Kids or career? The costs to consider when having another child

| June 13, 2013

There is considerable debate surrounding returning to work after having children. Claire Esmond from Pave Wealth Services looks at the true cost of raising a child and explains the financial burden of adding to the nest.

It’s the million dollar question, or the $812,000 question to be precise. That’s what it costs to raise two children from birth until they leave home, giving some of us professional women reason to question whether we can afford – or want to – have more kids.

It costs professional women more than a slow-down in career progression when they have children. It gives us love and reward, but having a family these days has a significant impact on household finances.

While some professional women can afford it, especially those who are married or living with a partner, others will struggle to reconcile any desire for a bigger family with their vision of the lifestyle and career they may want to have.

The latest AMP.NATSEM Income and Wealth report, ‘Cost of Kids,’ found that although subsequent children are cheaper than the first, the combined cost of raising children is substantial.

The report found on average families are spending $281 a week on the first child, $232 a week on the second child and $193 a week on the third child.

Although additional children cost less per child, this by no means indicates that the costs of larger families are not significantly higher – in fact, some might find that for their level of income, it’s exorbitant. High income families with three children spend on average around $1,045 a week on their kids, the report found.

But for low and middle income families with three children, the cost hurts even more because they represent a greater proportion of the family’s income. The report showed low income families with three children are spending $476 a week and middle income families around $667 a week on raising their children.

The pressure on low income families is especially great with these families devoting 41 per cent of their income to their children, if they have three. By comparison, middle income families with three children spend on average 29 per cent of their income on the kids and high income families with three children around 21 per cent.

The cost of kids may only be part of the reason why a higher proportion of mothers with young children are returning to work after having children.

But costs aside, for professional women wanting to maintain a career it is important to keep their skills up-to-date. According to the Australian Bureau of Statistics more than 50% of women with children under five – and 75% with children aged 6-14 – are back at work.

So just what should professional women consider in deciding whether to have another child?

The choice to have another child is really a decision for the heart as well as the head.

Ultimately, people need to work out what is most important to their family – what their values and life goals are. The cost of extra kids and potential sacrifices that might need to be made are relative to these things.

Some would rather deal with the financial struggles they may face than not have more children. Other people want to live a life where they can afford to travel and put their children through private schooling.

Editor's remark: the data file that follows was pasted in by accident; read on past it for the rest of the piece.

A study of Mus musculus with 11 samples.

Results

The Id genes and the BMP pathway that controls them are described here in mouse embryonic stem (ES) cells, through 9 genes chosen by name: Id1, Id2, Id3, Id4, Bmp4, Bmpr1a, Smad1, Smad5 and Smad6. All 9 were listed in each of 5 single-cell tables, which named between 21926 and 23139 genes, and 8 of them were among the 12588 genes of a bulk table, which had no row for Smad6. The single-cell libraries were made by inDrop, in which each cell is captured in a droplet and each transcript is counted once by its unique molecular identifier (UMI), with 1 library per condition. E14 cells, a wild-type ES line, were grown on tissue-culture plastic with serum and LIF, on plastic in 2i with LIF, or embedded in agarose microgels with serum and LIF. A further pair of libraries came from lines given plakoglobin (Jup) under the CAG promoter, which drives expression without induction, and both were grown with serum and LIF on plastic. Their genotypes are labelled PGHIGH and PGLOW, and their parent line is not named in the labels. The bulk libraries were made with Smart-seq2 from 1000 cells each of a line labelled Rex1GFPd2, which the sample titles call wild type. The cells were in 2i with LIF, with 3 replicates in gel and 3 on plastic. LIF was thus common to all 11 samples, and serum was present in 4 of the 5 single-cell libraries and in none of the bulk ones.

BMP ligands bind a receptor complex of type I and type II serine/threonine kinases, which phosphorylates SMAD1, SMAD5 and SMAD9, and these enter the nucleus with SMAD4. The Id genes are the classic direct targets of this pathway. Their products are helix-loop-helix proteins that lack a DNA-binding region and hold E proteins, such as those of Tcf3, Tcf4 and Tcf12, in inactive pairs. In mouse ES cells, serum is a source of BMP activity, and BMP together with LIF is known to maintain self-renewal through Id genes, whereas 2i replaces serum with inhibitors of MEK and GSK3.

Professional women also need to think about how they will keep their skills up to date while taking time out of the workforce to have another baby. This may involve undertaking online study from home or continuing to engage in networking and professional development seminars.

Once people are clear on their values and life goals, the next step is to take stock of their personal financial position – there is no point in comparing with neighbours or friends because everyone’s situation is unique.

It’s important to think beyond the cost of the baby and remember that in today’s economic climate the majority of children won’t leave home at 18. It’s not the early years of child-rearing that costs the most – it’s in the teen and early adult years where the expenses really hit home. This is because of the extra food and energy budget required as a child grows and also the growing cost of education, travel and recreation.

Children are the most expensive to support from 18-24 years and for more and more families these children are still living at home. The report found that for low income families the weekly cost of providing for these adult children was more than five times that of a child under four years.

Given that older children are significantly more expensive than babies and younger children, people need to think long term and consider if they have the income, or at least a plan to increase their income, to cover the likely costs down the track.

It’s never too late to start planning for tomorrow, both with your finances and your career. In fact, career planning when you are raising a family is something you just can’t afford not to do.

Professional financial planners can help with this process and set in place a plan that will keep your finances and your work goals on track.

Whatever you decide, and however many children you are lucky enough to have, it pays to remember that after your children are grown and have flown the nest, your career is ultimately one of your biggest assets. Look after it now and it will look after you later.

As the famous poem Desiderata suggests, “…Keep interested in your own career, however humble; it is a real possession in the changing fortunes of time.”

This blog was first published on Women’s Agenda and is published on Open Forum with the permission of the author. Any advice given is general only and has not taken into account your objectives, financial situation or needs. Because of this, before acting on any advice, you should consult a financial planner to consider how appropriate the advice is to your objectives, financial situation and needs.